Fall 2020 - HSCI 495 D200

Applied Health Science Project (4)

Class Number: 6332

Delivery Method: Remote


  • Course Times + Location:

    Tu 11:30 AM – 2:20 PM

  • Prerequisites:

    Minimum 90 units completed.



A transdisciplinary approach to integrating and applying knowledge from both academic disciplines and non-academic fields to jointly develop innovative solutions to particular scientific and societal problems in human health. Coursework emphasizes collaboration and is based on community-embedded projects.


This course is part of the Health Change Lab, an applied program that uses a health promotion framework and design thinking approach to develop innovative solutions to a particular community health problem in Surrey. The course is based on team projects and will provide students an opportunity for experiential learning and application of systems thinking to address complex health issues and challenges in a the city of Surrey. In this course students will explore key frameworks and concepts in the emerging field of health innovation and systems thinking to better understand a complex health problem. Working in interdisciplinary project teams, students will experience the equity centered design/problem solving process by undertaking a full cycle of investigating the problem, ideation, solutions (prototype) development, and testing. The final team prototype will be presented to community partners. Student project teams will be supported and coached by the course instructor and/or community partners throughout the four phases of the design process; students will receive feedback on their projects to enable iteration through the full design cycle. Students will also keep a journal of individual learning, insights and reflections.


Course Objectives:  
Upon completion of the course, students will be prepared to:
1. Examine key frameworks and systems thinking and their contributions to solving complex social/health issues across sectors.
2. Apply an Equity-centered design process including researching the problem, ideation, prototyping, testing and iterating the process to create a solution to a complex health problem in a particular community setting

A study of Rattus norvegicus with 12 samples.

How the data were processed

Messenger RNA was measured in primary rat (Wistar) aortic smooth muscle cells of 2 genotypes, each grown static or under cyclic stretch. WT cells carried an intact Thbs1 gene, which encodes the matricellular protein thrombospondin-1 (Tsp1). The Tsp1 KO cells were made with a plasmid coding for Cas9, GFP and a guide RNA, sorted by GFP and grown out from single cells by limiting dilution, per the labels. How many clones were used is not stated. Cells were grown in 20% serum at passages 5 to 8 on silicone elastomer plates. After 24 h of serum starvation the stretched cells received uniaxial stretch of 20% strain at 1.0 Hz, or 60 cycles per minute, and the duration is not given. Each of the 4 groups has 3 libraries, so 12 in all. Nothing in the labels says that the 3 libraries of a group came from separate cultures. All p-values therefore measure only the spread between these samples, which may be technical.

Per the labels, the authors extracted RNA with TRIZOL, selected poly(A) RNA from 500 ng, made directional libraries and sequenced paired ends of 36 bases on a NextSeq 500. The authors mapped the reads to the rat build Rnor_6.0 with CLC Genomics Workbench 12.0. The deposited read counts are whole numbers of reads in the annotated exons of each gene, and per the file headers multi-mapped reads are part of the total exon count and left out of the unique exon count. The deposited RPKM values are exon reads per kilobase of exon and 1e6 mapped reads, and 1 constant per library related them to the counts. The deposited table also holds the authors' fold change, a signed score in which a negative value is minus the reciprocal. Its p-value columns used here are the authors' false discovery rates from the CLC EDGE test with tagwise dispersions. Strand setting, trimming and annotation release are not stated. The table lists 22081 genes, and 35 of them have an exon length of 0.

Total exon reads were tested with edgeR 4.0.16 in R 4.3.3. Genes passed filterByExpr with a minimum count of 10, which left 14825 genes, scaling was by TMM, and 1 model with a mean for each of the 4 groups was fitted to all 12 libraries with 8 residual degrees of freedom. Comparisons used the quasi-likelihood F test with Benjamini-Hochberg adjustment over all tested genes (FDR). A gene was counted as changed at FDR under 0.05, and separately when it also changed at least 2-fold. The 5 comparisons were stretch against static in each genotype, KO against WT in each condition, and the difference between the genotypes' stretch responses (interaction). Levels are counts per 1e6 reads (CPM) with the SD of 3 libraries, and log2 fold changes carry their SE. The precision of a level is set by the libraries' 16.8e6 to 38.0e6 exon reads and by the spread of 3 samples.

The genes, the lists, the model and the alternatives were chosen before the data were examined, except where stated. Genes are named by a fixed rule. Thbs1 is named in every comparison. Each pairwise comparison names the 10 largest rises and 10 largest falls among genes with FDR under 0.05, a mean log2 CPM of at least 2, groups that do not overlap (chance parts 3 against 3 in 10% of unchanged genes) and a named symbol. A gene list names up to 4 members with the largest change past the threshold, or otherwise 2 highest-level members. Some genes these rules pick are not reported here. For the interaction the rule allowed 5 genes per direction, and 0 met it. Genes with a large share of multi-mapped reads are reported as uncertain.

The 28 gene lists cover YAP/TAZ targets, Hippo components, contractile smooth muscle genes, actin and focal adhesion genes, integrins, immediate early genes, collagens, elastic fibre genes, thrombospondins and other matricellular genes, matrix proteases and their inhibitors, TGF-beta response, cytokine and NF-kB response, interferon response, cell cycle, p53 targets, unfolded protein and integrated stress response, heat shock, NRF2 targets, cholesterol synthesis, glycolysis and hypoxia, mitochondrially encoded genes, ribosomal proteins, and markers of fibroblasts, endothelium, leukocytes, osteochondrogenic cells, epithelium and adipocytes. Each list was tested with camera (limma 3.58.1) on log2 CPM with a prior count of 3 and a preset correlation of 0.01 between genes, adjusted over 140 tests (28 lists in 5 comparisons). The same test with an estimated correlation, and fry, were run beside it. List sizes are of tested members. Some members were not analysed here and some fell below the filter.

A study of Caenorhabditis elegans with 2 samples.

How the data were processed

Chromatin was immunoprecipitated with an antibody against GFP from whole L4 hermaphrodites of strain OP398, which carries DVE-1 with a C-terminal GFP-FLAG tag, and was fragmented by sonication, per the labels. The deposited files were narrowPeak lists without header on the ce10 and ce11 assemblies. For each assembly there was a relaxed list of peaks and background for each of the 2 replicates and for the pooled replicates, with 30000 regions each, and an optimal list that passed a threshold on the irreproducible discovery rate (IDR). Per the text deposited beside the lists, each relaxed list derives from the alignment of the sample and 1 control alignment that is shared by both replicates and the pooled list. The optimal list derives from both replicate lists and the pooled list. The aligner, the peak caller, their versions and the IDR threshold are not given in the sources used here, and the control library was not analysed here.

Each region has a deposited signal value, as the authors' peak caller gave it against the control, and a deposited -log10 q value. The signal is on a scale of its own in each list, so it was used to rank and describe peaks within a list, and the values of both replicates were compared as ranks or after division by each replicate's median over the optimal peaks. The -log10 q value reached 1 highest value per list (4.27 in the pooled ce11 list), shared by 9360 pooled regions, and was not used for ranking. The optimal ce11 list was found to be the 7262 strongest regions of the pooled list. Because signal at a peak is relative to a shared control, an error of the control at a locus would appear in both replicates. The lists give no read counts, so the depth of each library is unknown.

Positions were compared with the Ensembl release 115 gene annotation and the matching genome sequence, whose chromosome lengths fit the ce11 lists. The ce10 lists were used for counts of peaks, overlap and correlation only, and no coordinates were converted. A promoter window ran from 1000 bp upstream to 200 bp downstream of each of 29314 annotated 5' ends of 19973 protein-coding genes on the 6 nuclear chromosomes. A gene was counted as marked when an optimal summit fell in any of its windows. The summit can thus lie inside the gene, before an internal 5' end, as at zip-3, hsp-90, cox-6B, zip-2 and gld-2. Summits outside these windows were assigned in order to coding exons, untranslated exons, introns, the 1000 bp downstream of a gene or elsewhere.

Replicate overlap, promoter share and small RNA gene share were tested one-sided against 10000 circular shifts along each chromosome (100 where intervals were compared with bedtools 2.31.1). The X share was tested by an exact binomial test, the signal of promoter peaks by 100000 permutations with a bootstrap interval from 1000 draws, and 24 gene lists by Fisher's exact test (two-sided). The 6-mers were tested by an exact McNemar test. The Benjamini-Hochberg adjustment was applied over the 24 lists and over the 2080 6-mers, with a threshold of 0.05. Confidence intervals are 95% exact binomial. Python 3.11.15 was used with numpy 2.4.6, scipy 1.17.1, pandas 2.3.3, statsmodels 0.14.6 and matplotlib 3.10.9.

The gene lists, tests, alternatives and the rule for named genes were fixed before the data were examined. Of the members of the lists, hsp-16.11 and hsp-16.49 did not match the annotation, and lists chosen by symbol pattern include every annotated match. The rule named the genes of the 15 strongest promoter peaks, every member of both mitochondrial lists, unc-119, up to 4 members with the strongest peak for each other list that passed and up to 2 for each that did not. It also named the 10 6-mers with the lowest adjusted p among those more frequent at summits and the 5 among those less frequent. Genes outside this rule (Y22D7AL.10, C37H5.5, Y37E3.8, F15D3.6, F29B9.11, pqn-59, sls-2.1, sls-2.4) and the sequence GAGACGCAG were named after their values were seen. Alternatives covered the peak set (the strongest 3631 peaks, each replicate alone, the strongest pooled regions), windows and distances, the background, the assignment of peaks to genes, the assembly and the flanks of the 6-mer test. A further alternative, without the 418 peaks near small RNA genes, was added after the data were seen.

3. Examine the role of empathy in undertaking health innovations including a range of communication skills to foster interdisciplinary collaboration and community engagement while undertaking the team applied project.
4. Critically reflect on how health innovation requires creative, adaptable and reflective processes to assist in the design of solutions that will contribute to health and well-being.


  • Weekly Journal Submission 30%
  • Team Project 50%
  • Self/ Peer/Instructor Evaluation 20%


No final exam.   

The APPLIED HEALTH SCIENCE PROJECT (HSCI 495) course is an opportunity for applied and team-based learning and project work.

HSCI 495 is part of the Health Change Lab, in which students take BUS 453, BUS 494 (Beedie School of Business) and HSCI 495 (Faculty of Health Sciences).

Classes will be held on Tuesdays from 11:30-5:20pm and Thursday 1:30-5:30pm.

Permission by instructor is required.


90 credits completed and permission from instructor.



Additional recommended readings and other materials will be available online through links provided in the course syllabus and through the Canvas course container.


Grand Challenges Canada “Integrated Innovation”, September 2010. http://www.grandchallenges.ca/wp-content/uploads/integratedinnovation_EN.pdf  

Circle of Health Kit: Interactive Health Promotion Framework. Prince Edward Island: Health and Community Services Agency (1996). Available at http://www.circleofhealth.net/

Registrar Notes:


SFU’s Academic Integrity web site http://www.sfu.ca/students/academicintegrity.html is filled with information on what is meant by academic dishonesty, where you can find resources to help with your studies and the consequences of cheating.  Check out the site for more information and videos that help explain the issues in plain English.

Each student is responsible for his or her conduct as it affects the University community.  Academic dishonesty, in whatever form, is ultimately destructive of the values of the University. Furthermore, it is unfair and discouraging to the majority of students who pursue their studies honestly. Scholarly integrity is required of all members of the University. http://www.sfu.ca/policies/gazette/student/s10-01.html


Teaching at SFU in fall 2020 will be conducted primarily through remote methods. There will be in-person course components in a few exceptional cases where this is fundamental to the educational goals of the course. Such course components will be clearly identified at registration, as will course components that will be “live” (synchronous) vs. at your own pace (asynchronous). Enrollment acknowledges that remote study may entail different modes of learning, interaction with your instructor, and ways of getting feedback on your work than may be the case for in-person classes. To ensure you can access all course materials, we recommend you have access to a computer with a microphone and camera, and the internet. In some cases your instructor may use Zoom or other means requiring a camera and microphone to invigilate exams. If proctoring software will be used, this will be confirmed in the first week of class.

Students with hidden or visible disabilities who believe they may need class or exam accommodations, including in the current context of remote learning, are encouraged to register with the SFU Centre for Accessible Learning (caladmin@sfu.ca or 778-782-3112).